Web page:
A moment just before
“Well,” said Pooh, “what I like best,” and then he had to stop and think. Because although Eating Honey was a very good thing to do, there was a moment just before you began to eat it which was better than when you were, but he didn’t know what it was called.”
― A.A. Milne
I can totally sympathize with Pooh here. I’ve always found Christmas Eve a bit better than Christmas morning, and planning for an exciting trip is at least half the fun of going. While this preliminary excitement may set us up for anticlimax or disappointment with the actual event, it can also enhance our pleasure, extending special times by giving us an early start on the fun.
The joy of anticipation is strong evidence that mental imagery can exert as much or more power over our moods as our external circumstances do. A number of studies suggest that visualization can improve athletic or competitive performance, and generating positive mental stimuli can improve mood and task response.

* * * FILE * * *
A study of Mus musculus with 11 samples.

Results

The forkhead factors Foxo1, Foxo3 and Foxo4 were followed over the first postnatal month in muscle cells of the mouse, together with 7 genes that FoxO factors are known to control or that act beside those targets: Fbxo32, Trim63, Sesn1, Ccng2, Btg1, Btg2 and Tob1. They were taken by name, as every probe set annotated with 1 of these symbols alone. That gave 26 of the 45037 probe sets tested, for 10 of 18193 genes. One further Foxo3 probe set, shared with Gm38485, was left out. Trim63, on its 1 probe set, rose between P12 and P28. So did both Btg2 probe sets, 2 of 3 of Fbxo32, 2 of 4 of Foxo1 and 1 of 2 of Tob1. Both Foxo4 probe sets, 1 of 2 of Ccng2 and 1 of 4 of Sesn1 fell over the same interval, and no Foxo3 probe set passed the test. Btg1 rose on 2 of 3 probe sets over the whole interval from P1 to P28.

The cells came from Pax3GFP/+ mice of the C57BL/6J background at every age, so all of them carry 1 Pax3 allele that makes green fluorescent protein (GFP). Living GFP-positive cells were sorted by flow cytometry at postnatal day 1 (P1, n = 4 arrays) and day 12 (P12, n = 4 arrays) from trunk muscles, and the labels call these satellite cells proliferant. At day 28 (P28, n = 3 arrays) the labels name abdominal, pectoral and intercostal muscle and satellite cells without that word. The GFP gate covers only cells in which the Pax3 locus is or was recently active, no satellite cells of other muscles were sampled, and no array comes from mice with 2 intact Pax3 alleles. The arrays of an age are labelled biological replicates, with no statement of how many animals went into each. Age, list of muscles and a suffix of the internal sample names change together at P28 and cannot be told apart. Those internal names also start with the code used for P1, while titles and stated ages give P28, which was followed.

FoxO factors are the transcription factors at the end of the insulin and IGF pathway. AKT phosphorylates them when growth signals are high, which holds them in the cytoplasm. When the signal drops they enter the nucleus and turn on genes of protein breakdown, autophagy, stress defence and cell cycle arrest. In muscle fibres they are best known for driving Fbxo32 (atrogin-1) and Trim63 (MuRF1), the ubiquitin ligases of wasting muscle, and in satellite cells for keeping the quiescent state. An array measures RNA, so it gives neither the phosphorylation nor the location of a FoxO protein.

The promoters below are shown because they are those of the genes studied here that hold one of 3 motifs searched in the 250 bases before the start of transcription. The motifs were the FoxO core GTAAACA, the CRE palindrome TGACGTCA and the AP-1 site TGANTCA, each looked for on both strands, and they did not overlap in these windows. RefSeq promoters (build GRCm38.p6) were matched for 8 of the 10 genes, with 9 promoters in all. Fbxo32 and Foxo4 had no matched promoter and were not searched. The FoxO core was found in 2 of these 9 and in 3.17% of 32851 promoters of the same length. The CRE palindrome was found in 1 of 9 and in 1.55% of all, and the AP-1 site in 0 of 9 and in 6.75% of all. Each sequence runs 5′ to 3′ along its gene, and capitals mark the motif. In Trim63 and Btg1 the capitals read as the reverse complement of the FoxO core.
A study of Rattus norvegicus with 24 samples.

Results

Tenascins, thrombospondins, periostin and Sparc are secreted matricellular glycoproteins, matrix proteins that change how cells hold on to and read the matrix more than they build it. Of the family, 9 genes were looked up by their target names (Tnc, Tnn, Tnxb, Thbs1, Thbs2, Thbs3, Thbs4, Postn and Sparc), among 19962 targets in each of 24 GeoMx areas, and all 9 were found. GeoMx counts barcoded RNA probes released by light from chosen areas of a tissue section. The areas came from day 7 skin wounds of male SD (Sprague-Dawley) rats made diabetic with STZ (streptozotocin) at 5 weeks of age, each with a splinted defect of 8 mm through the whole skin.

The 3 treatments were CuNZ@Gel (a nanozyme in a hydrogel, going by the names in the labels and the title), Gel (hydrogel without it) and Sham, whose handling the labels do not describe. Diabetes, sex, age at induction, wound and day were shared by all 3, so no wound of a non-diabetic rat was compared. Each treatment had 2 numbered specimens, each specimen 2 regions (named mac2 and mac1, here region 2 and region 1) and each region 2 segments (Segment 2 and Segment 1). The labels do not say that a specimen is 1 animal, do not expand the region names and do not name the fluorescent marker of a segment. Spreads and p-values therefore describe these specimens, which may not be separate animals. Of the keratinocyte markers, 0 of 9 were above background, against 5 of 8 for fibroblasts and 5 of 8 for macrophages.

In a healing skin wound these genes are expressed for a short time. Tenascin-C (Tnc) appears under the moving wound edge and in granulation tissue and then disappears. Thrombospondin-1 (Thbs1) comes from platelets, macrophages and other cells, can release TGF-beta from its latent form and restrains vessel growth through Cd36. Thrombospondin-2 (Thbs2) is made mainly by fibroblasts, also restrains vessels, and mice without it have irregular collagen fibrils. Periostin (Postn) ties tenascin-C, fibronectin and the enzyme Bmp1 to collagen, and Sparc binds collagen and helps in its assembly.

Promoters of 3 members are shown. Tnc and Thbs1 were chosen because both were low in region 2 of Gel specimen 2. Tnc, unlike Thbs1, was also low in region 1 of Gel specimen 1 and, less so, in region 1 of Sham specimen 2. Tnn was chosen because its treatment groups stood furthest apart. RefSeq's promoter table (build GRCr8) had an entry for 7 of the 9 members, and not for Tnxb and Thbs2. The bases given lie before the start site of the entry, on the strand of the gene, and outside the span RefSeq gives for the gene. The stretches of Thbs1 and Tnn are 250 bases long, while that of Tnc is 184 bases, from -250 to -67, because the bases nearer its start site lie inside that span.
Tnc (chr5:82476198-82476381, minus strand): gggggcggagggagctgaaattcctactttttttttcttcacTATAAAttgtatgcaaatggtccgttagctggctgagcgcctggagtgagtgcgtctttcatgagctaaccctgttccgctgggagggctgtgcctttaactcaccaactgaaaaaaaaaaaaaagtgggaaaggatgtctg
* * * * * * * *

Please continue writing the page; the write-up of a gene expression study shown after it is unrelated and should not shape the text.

Of course, we don’t need to know all the scientific details to connect with what Pooh is thinking of here. The most important thing to remember is that we can schedule happiness for ourselves, even in a day that holds no particular treat in store, by focusing on the things that make us happiest.
We all enjoy displays in museums and stores without needing to buy them or take them home. We can enjoy the presence of a friend through reading or remembering a letter or a funny moment shared in the past. In the same way, we tap into the happiness we feel when we see fresh flowers, take a sip of an ice-cold drink on a hot day, or relax in a hammock or easy chair when we feel tired, without actually doing any of those things, except in anticipation or memory.
Pooh didn’t know what to call this kind of bliss, and I don’t either. But I agree with him; it’s “what I like best.” I hope that each day will bring you many moments of this unique felicity.
One year ago today:
This post was first published seven years ago today. The original post, comments and photo are linked, along with two other related posts, below. These links to related posts, and their thumbnail photos, do not appear in the blog feed; they are only visible when viewing the individual posts by clicking on each one. I have no idea why, nor do I know how they choose the related posts. That’s just the way WordPress does things.